Festival of the Arts: The Nation's Largest All-Volunteer Arts Festival
"In 1969, a stabile (pronounced stay-beal), was installed downtown in front of City Hall. Twentieth century American artist Alexander Calder created it. Once the sculpture was in place, the people of Grand Rapids started thinking that they needed an arts festival to celebrate Calder's work.
So, in 1970, Festival was born. This three-day arts celebration, held the first full weekend in June in downtown Grand Rapids, attracts thousands of participating artists. Festival has grown from a few booths and food stalls into the nation's largest all-volunteer arts festival, with more than 20,000 volunteers and more than 500,000 people attending. It has grown so large that it is spread out over almost all of downtown - that's a monster of a festival!"
The above information came from the Library of Congress website. Festival is truly a huge event which starts at noon on Friday and ends approximately 5pm on Sunday. As you can see, the intended focus for Festival is on the arts. In contrast, one of the biggest draws attracting the crowds are the many food booths lining the streets of downtown Grand Rapids during Festival. In addition to the expected foods (ice cream, elephant ears) you will find many ethnic foods as well (Greek souvlaki, Vietnamese kabobs.)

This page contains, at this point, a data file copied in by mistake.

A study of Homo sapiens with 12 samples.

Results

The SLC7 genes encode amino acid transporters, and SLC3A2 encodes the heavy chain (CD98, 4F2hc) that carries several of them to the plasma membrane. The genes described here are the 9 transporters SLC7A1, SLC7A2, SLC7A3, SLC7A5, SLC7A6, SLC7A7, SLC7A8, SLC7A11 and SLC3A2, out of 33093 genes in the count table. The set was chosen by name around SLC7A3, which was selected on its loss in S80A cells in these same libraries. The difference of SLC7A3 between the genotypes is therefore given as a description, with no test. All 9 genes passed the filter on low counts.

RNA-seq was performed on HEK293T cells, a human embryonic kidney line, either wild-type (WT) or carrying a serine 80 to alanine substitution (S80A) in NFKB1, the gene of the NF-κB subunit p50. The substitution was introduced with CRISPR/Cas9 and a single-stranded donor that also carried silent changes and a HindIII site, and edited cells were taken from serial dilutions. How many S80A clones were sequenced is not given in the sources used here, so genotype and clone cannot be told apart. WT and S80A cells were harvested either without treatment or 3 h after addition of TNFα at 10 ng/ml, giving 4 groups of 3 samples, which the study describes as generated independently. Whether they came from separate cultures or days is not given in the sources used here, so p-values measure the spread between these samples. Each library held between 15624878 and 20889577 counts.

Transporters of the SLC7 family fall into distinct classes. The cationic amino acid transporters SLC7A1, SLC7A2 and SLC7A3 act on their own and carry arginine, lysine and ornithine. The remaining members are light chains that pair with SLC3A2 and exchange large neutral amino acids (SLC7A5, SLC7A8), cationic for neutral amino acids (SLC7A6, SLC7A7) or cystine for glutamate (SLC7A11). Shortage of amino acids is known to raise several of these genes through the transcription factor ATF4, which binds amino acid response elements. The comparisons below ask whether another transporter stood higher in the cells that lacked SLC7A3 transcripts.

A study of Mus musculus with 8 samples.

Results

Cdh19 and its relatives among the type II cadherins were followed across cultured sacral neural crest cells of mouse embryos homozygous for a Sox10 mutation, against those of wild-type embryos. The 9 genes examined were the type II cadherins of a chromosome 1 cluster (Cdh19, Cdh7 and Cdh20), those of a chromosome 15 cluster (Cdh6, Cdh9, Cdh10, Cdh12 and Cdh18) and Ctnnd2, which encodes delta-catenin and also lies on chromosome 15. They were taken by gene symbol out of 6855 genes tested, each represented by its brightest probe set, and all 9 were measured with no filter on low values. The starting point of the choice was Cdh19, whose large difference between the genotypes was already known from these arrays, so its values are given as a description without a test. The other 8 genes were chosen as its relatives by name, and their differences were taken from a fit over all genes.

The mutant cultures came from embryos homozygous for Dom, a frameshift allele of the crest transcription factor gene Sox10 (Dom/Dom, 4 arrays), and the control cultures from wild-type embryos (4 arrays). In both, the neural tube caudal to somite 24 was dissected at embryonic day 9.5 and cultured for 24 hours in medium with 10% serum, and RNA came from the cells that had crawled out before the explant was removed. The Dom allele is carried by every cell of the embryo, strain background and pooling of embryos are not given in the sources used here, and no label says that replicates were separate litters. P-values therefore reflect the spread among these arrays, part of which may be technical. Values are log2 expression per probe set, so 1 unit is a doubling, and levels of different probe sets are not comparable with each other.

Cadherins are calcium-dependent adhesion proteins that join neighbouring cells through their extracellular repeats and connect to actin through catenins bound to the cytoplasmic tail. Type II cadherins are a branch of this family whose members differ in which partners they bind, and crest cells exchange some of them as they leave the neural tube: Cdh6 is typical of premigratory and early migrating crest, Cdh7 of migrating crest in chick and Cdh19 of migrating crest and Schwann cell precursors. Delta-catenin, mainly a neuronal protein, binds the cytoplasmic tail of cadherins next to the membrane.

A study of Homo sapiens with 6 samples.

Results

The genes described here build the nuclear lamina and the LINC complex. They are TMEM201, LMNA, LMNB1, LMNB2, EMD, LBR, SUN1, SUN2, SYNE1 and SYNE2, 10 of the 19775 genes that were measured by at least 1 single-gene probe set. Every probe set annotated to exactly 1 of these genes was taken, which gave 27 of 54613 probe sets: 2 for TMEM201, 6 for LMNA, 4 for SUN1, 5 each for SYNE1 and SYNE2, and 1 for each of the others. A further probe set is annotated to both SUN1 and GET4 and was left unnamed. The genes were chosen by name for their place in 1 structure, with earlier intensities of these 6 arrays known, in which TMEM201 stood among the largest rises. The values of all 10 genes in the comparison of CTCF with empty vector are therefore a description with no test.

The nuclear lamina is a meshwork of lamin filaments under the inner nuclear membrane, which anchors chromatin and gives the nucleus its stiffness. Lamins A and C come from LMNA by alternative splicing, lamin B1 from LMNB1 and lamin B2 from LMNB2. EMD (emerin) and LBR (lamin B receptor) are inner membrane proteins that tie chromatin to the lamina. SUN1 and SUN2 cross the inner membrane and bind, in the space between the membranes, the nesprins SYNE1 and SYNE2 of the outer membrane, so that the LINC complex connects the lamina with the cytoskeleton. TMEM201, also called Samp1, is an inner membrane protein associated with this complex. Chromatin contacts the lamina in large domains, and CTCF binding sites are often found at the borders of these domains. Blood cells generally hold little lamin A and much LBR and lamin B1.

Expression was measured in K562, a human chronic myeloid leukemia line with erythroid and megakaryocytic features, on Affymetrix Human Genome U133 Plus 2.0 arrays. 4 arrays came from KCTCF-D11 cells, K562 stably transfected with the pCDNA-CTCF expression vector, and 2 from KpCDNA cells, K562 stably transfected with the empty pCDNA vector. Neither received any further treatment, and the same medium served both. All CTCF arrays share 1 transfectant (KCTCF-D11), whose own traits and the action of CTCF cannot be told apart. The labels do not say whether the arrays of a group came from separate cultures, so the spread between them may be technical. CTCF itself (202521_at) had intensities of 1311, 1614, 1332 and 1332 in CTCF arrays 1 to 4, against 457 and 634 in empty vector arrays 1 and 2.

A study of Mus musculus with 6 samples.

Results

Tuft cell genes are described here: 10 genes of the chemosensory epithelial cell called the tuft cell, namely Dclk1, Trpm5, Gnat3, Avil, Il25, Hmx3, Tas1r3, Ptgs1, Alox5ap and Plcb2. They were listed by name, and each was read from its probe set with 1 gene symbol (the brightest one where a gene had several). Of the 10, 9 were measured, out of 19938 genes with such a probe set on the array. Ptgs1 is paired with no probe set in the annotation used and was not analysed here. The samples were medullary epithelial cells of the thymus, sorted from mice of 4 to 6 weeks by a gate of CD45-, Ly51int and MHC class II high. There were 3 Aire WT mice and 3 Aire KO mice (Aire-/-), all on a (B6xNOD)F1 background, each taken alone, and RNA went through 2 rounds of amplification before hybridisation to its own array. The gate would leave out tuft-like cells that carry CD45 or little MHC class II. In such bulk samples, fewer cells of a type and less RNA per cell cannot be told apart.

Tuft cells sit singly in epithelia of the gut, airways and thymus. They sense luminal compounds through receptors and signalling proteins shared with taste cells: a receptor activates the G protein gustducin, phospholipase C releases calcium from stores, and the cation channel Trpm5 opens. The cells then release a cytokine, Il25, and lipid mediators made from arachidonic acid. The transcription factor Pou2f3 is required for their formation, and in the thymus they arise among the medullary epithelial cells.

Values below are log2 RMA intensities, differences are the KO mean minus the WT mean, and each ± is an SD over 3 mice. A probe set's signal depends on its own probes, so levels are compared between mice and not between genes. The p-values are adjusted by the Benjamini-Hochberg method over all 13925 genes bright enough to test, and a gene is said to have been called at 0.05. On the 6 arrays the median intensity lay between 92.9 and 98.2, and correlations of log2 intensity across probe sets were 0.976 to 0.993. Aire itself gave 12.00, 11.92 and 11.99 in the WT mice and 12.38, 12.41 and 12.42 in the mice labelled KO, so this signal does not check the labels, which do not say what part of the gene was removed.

There are a number of stages set up for various performances. There are also exhibits for crafts, as well as for photography. In addition, there are activities for children to enjoy and test their artistic flair, and there's face painting too!
The weather varies year to year, it can be sunny and hot, juuuuust right, or cold enough you'll need a sweatshirt or jacket. Rain is always a possibility.
- Arts and Culture
When in Michigan, if someone offers to give you a "pop" they are not threatening you but rather offering to serve you a refreshment. "Pop" is what we call soda (or Coke if you're from the south.) People from other areas of the country make sure to correct you if you refer to soda as "pop."